How exaclty can the Poynting vector be physically interpreted for static electric and magnetic fields?

I know that it describes the magnitude and direction of energy flow in EM-waves. But how does this interpretation hold up when only static fields are present? Does that interpretation only make sense w.r.t. wave packets (i.e. photons)?

Long Version

The question originally comes from a thought experiment, where a cylindrical capacitor is placed into a homogeneous magnetic field that is parallel to the axis of the capacitor. In that case we should have a static electrical field inside the capacitor that is rotation symmetric as well as a static magnetic field that is perpendicular to it. Thus, if we calculate the Poynting vector at each point inside the capacitor, we would get a rotating field that circles the inside of the capacitor.

Down the Rabbit hole

When thinking about this problem, I got even more confused on how to interpret the Poynting vector. If we simplify the original problem to a planar capacitor in a homogeneous magnetic field, all Poynting vectors between the planes would point sideways. Would that mean that somehow there is an energyflow from the vacuum between the planes of the capacitor going to one side?

The Questions

  • Does the interpretation of the Poynting vector as energy flow only make sense when introducing dynamic fields?
  • Can this circular energy flow be interpreted in any physically meaningful way? (If so, how?)
  • What happens in the planar case? How can this be interpreted?
  • If we modulate the fields accordingly in any of the mentioned configurations, do we generate photons (circulating around the cylindrical capacitor or equivalently emitted by the planar capacitor in both directions)?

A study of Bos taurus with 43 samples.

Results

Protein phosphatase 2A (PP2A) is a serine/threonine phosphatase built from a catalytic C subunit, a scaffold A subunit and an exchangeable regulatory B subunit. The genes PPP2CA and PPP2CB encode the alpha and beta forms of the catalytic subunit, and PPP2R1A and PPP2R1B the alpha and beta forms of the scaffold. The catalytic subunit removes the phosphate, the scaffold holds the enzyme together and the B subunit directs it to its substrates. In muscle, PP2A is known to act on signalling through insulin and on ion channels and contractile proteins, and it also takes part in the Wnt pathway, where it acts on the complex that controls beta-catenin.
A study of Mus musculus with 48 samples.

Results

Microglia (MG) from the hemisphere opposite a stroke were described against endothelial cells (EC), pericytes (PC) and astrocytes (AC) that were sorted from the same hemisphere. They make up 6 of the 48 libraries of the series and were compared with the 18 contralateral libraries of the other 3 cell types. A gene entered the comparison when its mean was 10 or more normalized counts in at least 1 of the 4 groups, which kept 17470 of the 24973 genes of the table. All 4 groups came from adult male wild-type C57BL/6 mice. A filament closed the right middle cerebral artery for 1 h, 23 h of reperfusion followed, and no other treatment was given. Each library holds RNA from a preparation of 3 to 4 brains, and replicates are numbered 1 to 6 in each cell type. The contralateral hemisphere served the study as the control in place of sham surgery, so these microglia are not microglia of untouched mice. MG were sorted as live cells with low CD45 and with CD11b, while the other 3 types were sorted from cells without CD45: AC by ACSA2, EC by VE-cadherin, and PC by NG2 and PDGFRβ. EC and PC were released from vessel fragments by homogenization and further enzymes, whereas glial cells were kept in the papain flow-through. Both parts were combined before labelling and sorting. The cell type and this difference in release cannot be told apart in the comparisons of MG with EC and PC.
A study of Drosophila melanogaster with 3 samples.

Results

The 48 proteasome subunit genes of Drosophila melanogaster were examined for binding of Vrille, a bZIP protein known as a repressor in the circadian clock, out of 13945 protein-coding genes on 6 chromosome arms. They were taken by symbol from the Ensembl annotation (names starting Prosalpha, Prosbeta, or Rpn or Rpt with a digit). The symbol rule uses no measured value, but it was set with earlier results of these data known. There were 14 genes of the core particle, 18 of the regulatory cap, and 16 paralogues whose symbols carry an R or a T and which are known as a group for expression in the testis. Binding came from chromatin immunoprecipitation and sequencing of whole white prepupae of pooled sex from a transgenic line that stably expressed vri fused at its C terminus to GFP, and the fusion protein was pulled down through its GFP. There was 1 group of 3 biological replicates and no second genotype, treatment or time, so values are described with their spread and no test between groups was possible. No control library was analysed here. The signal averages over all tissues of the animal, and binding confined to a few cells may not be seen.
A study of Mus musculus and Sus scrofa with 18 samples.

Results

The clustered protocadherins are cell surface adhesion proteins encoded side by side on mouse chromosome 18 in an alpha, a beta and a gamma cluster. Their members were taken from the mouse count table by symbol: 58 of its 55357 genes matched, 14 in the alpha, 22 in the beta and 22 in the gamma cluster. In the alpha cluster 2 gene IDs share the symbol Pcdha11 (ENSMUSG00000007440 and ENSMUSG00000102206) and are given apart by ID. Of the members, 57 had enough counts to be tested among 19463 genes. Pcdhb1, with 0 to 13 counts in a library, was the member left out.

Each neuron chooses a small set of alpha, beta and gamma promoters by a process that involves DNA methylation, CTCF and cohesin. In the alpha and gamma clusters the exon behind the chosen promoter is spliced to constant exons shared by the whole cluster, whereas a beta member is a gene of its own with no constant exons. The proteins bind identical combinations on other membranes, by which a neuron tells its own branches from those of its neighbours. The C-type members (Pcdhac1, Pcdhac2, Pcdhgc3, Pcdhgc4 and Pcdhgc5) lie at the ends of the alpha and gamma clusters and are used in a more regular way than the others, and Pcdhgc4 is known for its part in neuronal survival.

Thanks for the help.

    – Cream
    Aug 17, 2021 at 13:53

2 Answers 2


In short for everyone interested:

  • The Poynting vector does represent energy flow density in the static case as well. However, energy flow density and momentum density are linked with one another.
  • Thus, a circulating Poynting vector field can be interpreted as circulating momentum, i.e. angular momentum. If we build up the fields, we add angular momentum to the field (via Lorentz force). If we want angular momentum to be conserved in the whole world, we have to accept that some angular momentum is stored in the field. We get the angular momentum out again if we turn off the fields again.
  • In the planar case without external magnetic fields (or any similar case where we don't have circulating Poynting vector fields) we can interpret the energy as not flowing along the rods to the plates of the capacitor, but from the field towards its center. If we add an external magnetic field, the field lines change as also the charges flowing towards the plates are pulled by the Lorentz force.
  • With the interpretation of a circulating Poynting vector field as angular momentum, we don't need to consider strange things like potential circulating photons or the like as I wrote in the question.

Additionally, considering energy conservation, only the divergence of the Poynting vector field appears in the corresponging equations. Thus, as circulating fields have no sources we do not violate energy conservation in the example.

I hope that I got everything right. Feel free to correct me if I made a mistake. The Feynman Lectures I linked should give a good starting point for further questions.


The Poynting vector ascribes momentum density to crossed static electric and magnetic fields. This is counterintuitive. However the total energy-momentum, of which the Poynting vector is a part, is conserved unless we ignore this. This is a paradox of the gauge invariant theory. There are several paradoxes associated with conservation laws in this theory.

In a paper, Eur. Phys. J. D, vol. 8, p 9-12 (2000), accessible as https://arxiv.org/abs/physics/0106078, I describe an alternative theory which makes the same predictions as the standard one but is free of this and other paradoxes.